Hey, New York Times, Leave Those Kids Alone

Another day, another bit of fear-mongering about video games.

On Saturday, The New York Times ran a piece on the rise of screen time among children. Chief among this article’s concerns was the fact that kids have begun to play more video games during the pandemic and are growing too attached to their screens.

“There will be a period of epic withdrawal,” Stanford professor Keith Humphreys told the publication. Humphreys also says that kids will have to learn to “sustain attention in normal interactions without getting a reward hit every few seconds.”

 As that choice snippet suggests, the rest of the piece is the same scaremongering we’ve read about video games since the early ’90s. There’s a bit about games being too violent, of course, and plenty of quotes from concerned parents. Games that kids play are talked about in the coldest and most robotic ways possible, and a general “screen bad, book good” mentality permeates the whole article. Oh, and nobody from the actual gaming industry is consulted, naturally. While this is ostensibly a news piece, it’s really just a retread of something you’ve likely read dozens of times over the past decade.

But as a treat, let’s actually engage with this idea that kids are gaming too much during a global pandemic. Let me repeat that: a global pandemic. As in, “sorry, you can’t go outside and play with your friends, because you might die.” Instead of treating consoles, PCs, and mobile devices like the miracles that they are, and being thankful that they’ve helped kids stay in touch through this whole thing, we’re arguing in favor of restricting them.

And for what? Certainly not for their health. Despite the NYT article suggesting that modern games are turning children into mindless zombies, incapable of interacting with their friends, other science suggests the opposite.

“It’s all about the social interaction,” developmental psych professor Isabela Granic told Time last year. “You build your own gardens with other people. You play in teams overcoming other teams and militias and whatever it is. And it’s really checking a lot of those social needs in this time of isolation. And as much as kids need us, they need each other just as much.” Granic also said that instead of guilting their children over screen time, “parents should feel like they’re offering an opportunity they wouldn’t have had 30 years ago.”

That historical context is a useful lens here. Kids can barely even go outside right now, let alone with other people from school. And even if they could, maybe they’d get a lot more gratification out of building something in Roblox, or trying to trick their friends in Among Us. Time marches on, and people find new ways to engage with each other. Instead of trying to take those away, it’s more useful to build new routines and rituals around them.

It seems especially cruel, too, to engage in bloviating hysteria over this right now. The world continues to be a scary and confusing place, and for all of the extra stress that’s been added to our lives, think of how much more terrifying it is for younger kids and teens alike. They don’t have much in the way of power or agency in the world, and right now, getting lost in a game with their friends is the closest many of them have to normalcy. Gaming with others can provide much-needed regular interaction even when you can’t see somebody in the flesh, and friendships built through that can be just as vital to a child’s growth as in-person ones.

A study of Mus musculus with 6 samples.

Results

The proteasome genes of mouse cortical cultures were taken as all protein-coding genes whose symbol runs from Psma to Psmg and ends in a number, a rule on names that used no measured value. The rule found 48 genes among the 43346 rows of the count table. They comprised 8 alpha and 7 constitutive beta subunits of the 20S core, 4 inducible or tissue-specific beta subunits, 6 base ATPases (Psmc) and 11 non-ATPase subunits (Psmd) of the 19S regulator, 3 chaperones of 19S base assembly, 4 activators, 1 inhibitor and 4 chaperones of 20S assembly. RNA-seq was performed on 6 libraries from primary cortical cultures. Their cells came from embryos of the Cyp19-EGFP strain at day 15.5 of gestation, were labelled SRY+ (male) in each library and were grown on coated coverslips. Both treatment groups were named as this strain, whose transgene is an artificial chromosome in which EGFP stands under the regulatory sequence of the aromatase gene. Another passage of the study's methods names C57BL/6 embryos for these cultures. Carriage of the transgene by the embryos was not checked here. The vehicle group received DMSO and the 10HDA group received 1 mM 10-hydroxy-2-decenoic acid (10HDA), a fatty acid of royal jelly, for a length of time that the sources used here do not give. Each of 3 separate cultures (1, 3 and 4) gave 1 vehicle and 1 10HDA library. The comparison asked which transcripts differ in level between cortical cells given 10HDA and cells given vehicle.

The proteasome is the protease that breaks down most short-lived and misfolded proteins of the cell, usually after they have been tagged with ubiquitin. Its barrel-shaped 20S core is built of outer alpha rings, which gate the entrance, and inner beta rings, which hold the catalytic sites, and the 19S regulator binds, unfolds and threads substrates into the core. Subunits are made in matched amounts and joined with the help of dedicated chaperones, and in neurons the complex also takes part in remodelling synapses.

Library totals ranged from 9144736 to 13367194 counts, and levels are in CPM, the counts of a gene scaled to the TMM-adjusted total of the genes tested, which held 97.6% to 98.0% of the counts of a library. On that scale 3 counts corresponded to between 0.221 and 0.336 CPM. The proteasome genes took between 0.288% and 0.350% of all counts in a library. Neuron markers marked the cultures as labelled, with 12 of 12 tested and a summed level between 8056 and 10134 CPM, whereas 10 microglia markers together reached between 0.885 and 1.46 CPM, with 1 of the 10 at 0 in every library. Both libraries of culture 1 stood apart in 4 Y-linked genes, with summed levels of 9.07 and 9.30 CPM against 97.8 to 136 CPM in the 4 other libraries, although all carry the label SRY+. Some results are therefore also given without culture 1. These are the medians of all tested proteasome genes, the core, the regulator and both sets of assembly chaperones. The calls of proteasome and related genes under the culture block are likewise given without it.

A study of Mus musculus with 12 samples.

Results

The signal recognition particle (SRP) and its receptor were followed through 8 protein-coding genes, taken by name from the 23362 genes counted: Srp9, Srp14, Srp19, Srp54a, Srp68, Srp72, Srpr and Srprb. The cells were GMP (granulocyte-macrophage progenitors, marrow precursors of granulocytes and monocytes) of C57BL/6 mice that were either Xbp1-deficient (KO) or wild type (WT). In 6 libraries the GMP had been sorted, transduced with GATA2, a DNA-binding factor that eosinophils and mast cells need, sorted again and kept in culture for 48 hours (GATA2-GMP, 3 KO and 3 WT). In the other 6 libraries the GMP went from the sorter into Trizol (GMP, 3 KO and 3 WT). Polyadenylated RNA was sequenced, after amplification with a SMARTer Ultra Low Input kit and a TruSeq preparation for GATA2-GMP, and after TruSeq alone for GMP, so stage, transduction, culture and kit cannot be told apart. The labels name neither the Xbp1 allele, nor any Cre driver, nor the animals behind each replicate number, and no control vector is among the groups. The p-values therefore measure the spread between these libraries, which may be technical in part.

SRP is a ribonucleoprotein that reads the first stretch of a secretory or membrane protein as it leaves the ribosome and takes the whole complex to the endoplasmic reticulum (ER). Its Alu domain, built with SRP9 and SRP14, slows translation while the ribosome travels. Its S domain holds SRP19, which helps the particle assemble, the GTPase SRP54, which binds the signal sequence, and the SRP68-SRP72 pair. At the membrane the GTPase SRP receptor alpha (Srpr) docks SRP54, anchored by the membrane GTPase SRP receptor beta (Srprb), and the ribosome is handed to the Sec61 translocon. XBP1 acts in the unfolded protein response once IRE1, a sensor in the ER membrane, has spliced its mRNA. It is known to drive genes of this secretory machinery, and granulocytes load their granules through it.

Online games will never be a replacement for hanging out IRL, of course, but I don’t think many kids think of them that way. Most are likely eager to be out of the house and doing things again – things away from their parents. There are outliers, sure, but it’s a safe bet that most kids aren’t going to get hooked on gaming and never leave the house again. Gaming isn’t real life, and children aren’t too stupid to tell the difference.

Plus, if you’re worried about screen time interfering with your kid getting other stuff done, talk to them about that. Set up reasonable expectations, like “no gaming until you do your homework, pick up a little, and do something in the yard.” There are ways to give your kids what they want and guide them towards being a productive member of society. You just have to be an active parent and talk to your kid, instead of acting as some all-knowing monolith that barks orders and takes things away because The New York Times told you to. Speaking from experience, that latter approach can do wonders at eroding a child’s trust.

So, if you’ve noticed your kid playing more games during this pandemic, don’t freak out. Instead, get to know what they’re playing, try to understand why they’re playing it, and understand that they’re just doing different stuff than you did as a kid. They have new ways of staying connected, and those ways aren’t insidious machines hellbent on enslaving your children – they’re just tools. Nothing more, nothing less.

Plus, and I don’t think I can say this enough: there is a literal pandemic killing thousands of people daily. Chet and Susie can play Among Us, Karen. It’s not going to kill them.


She likes long walks in dingy arcades, loves horror good and bad, and has a passion for anime girls of any and all varieties. Her favorite game is Nier: Automata, because she loves both robots and being sad.